On Java, temples were built between the 5th and the 15th Centuries. Depending on the time of construction and the patron, temples were built either to honour Hindu, Sivaite or Buddhist dieties. Early examples followed Indian prototypes, but over time an purely Javanese style developed which incorporated changes in ritual and building styles. The evolution is seen both in the architectural construction and in ornament.
Generally, the architecture of Buddhist temples underwent continuous changes and the architecture of Hindu temples was over time transformed into a Javanese style that was then followed for the remainder of the time Hindu temples were built.
Temples were constructed at the orders of a patron, often this was the ruler (king), but it could also be a local dignitary. It is difficult to otherwise explain the proliferation of temples on the Kedu plain of Central Java that so resembles the density of temples seen in the vicinity of Angkor Vat in Siem Riep. There, foundation stones show how sometimes temples where not built at the order of the ruler, but by other leading members of the elite. Javanese temples lack the extensive foundation documents of the Khmer temples, but this need not rule out a similar explanation for the construction frenzy. The densely placed temples of the Kedu plain are also recognised by following very distinct interpretations of doctrine, as if to justify their existence. Any such doctrinal difference are unlikely to have been relevant to the ordinary person.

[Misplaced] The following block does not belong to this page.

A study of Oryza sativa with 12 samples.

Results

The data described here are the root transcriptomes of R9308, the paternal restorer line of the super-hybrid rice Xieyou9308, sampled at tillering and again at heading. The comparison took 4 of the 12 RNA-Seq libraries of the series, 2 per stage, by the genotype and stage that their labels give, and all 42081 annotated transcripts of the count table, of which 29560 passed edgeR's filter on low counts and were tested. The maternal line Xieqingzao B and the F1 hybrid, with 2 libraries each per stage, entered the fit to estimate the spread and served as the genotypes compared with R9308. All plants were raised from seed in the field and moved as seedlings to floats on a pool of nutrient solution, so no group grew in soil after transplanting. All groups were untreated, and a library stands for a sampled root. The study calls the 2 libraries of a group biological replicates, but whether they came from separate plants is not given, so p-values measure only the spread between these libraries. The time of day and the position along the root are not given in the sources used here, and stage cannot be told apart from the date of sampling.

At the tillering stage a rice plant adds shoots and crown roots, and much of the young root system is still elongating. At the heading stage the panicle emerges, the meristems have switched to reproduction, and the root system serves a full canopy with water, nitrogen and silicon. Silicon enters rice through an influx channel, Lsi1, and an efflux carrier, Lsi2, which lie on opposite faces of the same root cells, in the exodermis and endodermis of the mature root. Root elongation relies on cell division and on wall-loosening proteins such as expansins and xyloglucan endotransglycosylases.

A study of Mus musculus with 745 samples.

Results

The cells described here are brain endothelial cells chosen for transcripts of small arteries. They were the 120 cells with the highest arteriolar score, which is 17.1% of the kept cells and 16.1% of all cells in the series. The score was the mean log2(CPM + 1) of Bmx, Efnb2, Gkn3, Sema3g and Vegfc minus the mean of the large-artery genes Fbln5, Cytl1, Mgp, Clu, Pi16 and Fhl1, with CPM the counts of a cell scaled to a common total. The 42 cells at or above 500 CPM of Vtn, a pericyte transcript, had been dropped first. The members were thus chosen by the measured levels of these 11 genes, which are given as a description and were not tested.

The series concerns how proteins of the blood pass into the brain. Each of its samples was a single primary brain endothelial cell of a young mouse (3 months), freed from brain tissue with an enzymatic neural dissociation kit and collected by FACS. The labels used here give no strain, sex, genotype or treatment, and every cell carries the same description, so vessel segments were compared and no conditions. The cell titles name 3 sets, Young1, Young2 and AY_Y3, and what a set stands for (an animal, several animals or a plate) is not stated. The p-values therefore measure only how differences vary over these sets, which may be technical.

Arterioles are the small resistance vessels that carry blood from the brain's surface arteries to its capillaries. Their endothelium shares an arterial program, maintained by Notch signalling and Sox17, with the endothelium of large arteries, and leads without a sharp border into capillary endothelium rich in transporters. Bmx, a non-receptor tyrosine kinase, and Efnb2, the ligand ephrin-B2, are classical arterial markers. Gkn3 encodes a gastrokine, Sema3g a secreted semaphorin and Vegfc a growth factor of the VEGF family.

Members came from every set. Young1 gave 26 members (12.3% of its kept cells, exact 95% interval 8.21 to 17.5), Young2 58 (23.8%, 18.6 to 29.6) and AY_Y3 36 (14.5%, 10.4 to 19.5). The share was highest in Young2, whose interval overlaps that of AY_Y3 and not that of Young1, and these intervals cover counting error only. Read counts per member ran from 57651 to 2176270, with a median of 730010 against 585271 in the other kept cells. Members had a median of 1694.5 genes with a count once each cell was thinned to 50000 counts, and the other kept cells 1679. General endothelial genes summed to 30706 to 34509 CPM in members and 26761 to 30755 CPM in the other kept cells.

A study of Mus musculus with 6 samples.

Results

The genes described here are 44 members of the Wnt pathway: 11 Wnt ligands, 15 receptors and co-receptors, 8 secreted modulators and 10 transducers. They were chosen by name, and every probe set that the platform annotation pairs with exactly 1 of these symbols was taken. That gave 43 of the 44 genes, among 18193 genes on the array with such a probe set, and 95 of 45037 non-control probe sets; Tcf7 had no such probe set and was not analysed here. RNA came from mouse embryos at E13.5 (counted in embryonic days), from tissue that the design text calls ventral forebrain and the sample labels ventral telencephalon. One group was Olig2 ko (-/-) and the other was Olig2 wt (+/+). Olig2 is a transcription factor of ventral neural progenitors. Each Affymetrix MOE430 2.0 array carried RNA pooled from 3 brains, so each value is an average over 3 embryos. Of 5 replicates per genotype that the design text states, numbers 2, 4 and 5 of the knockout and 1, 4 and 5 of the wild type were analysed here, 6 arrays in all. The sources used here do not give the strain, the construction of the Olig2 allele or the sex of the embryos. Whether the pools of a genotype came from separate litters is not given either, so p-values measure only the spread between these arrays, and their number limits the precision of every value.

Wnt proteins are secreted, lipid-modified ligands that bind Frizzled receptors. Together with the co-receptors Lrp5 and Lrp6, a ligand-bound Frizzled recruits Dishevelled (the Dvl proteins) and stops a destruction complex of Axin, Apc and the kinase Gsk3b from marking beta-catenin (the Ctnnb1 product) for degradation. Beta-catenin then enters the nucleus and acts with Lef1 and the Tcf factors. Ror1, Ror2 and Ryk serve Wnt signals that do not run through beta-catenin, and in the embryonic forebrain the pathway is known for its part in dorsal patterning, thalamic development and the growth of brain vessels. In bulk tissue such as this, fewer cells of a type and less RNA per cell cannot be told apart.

Temples are also frequently found on mountain tops and other (usually remote) locations that were felt to be endowed with a strong spiritual power. Candi Dieng, Selagriya and Ceta are good examples of this on Central Java, in East Java the parallel might be the building programme on Mount Penanggunan that was felt to be sacred due to its likeness to Mount Meru.
The earliest temples, of which no direct remains are left, were built in the kingdom of Tarumanagara (near Jakarta on West Java). Later construction moved to Central Java where through the 6th - 9th Centuries the Sanjaya and Sailendra dynasties ruled on - respectively - the North and Southern parts of Central Java. The former dynasty was Hindu, and the latter Buddhist. This explains the existence of contemporary Hindu and Buddhist monuments on Central Java. In the 10th C the centre of power shifted to East Java. The ruling kingdoms through the early 13th C were likely not very powerful or affluent as there is little evidence of temple construction during these centuries. The consolidation of political power under the Singosari dynasty (1222 - 1292) changed this, and temple construction gained a new impetus to continue to flourish though the Majapahit (1293 - 1530) era. Temple construction slowed considerably with the conquest of Java for Islam. Surviving Hindu communities built temples through as late as the 15th C in remote mountainous sites. Hidden high up Gunung Kelud near Blitar, Candi Gambar may be found, and Candi Ceto near Solo lies equally secluded. The craftmanship of temple construction was in many places applied to build monuments to Islam, and one of the most famous examples of this is the Menara Kudus in the city of the same name just outside of Semarang on the North Coast.